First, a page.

Status of the issue, June 2014: Fixed with Chrome 37
Finally, the Chrome team will release a fix for this issue with Chrome 37 which will be released to public in July 2014. See example comparison of current stable Chrome 35 and latest Chrome 37 (early development preview) here:
Status of the issue, December 2013
1.) There is NO proper solution when loading fonts via
<link href= or Google's
webfont.js. The problem is that Chrome simply requests .woff files from Google's API which render horribly. Surprisingly all other font file types render beautifully. However, there are some CSS tricks that will "smoothen" the rendered font a little bit, you'll find the workaround(s) deeper in this answer.
2.) There IS a real solution for this when self-hosting the fonts, first posted by Jaime Fernandez in another answer on this Stackoverflow page, which fixes this issue by loading web fonts in a special order. I would feel bad to simply copy his excellent answer, so please have a look there. There is also an (unproven) solution that recommends using only TTF/OTF fonts as they are now supported by nearly all browsers.
3.) The Google Chrome developer team works on that issue. As there have been several huge changes in the rendering engine there's obviously something in progress.
I've written a large blog post on that issue, feel free to have a look:
How to fix the ugly font rendering in Google Chrome
See how the example from the initial question look today, in Chrome 29:
Left: Firefox 23, right: Chrome 29
Top: Firefox 23, bottom: Chrome 29
NEGATIVE EXAMPLE: Chrome 30
NEGATIVE EXAMPLE: Chrome 29
Fixing the above screenshot with -webkit-text-stroke:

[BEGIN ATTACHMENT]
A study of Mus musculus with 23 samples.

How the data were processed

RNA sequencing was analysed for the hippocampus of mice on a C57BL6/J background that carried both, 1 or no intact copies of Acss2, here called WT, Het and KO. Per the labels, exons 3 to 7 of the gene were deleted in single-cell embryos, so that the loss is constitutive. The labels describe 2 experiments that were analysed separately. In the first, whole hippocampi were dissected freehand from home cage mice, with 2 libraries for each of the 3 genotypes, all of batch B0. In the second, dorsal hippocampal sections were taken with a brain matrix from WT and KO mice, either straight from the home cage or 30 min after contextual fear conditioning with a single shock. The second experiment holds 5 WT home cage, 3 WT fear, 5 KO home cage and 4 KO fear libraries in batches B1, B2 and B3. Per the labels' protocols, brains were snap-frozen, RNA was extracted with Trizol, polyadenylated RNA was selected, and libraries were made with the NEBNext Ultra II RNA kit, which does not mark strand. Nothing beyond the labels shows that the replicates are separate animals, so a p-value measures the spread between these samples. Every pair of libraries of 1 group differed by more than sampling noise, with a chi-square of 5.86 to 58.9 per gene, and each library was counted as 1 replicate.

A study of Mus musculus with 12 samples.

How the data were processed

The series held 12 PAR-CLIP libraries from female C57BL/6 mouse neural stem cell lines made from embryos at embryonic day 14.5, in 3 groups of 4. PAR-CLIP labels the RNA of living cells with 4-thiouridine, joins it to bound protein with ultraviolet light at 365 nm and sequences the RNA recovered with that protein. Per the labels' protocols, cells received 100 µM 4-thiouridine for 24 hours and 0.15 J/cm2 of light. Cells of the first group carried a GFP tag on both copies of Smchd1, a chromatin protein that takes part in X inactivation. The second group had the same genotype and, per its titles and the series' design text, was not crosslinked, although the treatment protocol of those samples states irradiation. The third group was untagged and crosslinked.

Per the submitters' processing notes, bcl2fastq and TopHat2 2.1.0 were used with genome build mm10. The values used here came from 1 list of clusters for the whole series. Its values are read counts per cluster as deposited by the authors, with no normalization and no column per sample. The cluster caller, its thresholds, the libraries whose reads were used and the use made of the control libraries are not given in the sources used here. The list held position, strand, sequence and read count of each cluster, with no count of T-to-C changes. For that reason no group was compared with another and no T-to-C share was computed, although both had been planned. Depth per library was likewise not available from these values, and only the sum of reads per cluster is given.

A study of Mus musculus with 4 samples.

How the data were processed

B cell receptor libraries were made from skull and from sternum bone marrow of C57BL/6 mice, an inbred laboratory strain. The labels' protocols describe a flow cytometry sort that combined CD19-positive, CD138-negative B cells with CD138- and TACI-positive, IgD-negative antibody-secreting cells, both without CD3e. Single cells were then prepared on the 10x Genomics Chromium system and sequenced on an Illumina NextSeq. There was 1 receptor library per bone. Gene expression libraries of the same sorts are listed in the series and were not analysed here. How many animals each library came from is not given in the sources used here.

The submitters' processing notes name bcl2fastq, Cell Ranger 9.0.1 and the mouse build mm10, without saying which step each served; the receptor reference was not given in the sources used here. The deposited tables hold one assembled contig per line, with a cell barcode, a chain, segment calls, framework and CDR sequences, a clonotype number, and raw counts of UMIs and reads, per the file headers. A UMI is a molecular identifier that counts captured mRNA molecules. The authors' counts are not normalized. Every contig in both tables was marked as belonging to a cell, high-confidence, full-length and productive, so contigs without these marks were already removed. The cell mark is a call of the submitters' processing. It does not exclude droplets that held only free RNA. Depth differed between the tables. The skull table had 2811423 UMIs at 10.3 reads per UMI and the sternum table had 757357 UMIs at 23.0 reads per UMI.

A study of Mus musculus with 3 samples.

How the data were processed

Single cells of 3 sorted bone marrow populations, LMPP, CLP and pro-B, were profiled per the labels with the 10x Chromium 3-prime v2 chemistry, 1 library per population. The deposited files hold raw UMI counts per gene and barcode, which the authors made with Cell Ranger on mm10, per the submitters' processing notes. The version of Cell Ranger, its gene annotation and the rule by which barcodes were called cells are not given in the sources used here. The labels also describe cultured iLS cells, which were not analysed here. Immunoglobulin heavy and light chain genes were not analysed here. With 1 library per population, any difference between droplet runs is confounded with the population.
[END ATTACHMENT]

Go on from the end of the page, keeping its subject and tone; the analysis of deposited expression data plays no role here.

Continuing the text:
First row is default, second has:
Third row has:
So, the way to fix those fonts is simply giving them
or the RGBa syntax (by nezroy, found in the comments! Thanks!)
-webkit-text-stroke: 1px rgba(0,0,0,0.1)
There's also an outdated possibility:
Give the text a simple (fake) shadow:
text-shadow: #fff 0px 1px 1px;
RGBa solution (found in Jasper Espejo's blog):
text-shadow: 0 0 1px rgba(51,51,51,0.2);
I made a blog post on this:
If you want to be updated on this issue, have a look on the according blog post: How to fix the ugly font rendering in Google Chrome. I'll post news if there're news on this.
My original answer:
This is a big bug in Google Chrome and the Google Chrome Team does know about this, see the official bug report here. Currently, in May 2013, even 11 months after the bug was reported, it's not solved. It's a strange thing that the only browser that messes up Google Webfonts is Google's own browser Chrome (!). But there's a simple workaround that will fix the problem, please see below for the solution.
STATEMENT FROM GOOGLE CHROME DEVELOPMENT TEAM, MAY 2013
Official statement in the bug report comments:
Our Windows font rendering is actively being worked on. ... We hope to have something within a milestone or two that developers can start playing with. How fast it goes to stable is, as always, all about how fast we can root out and burn down any regressions.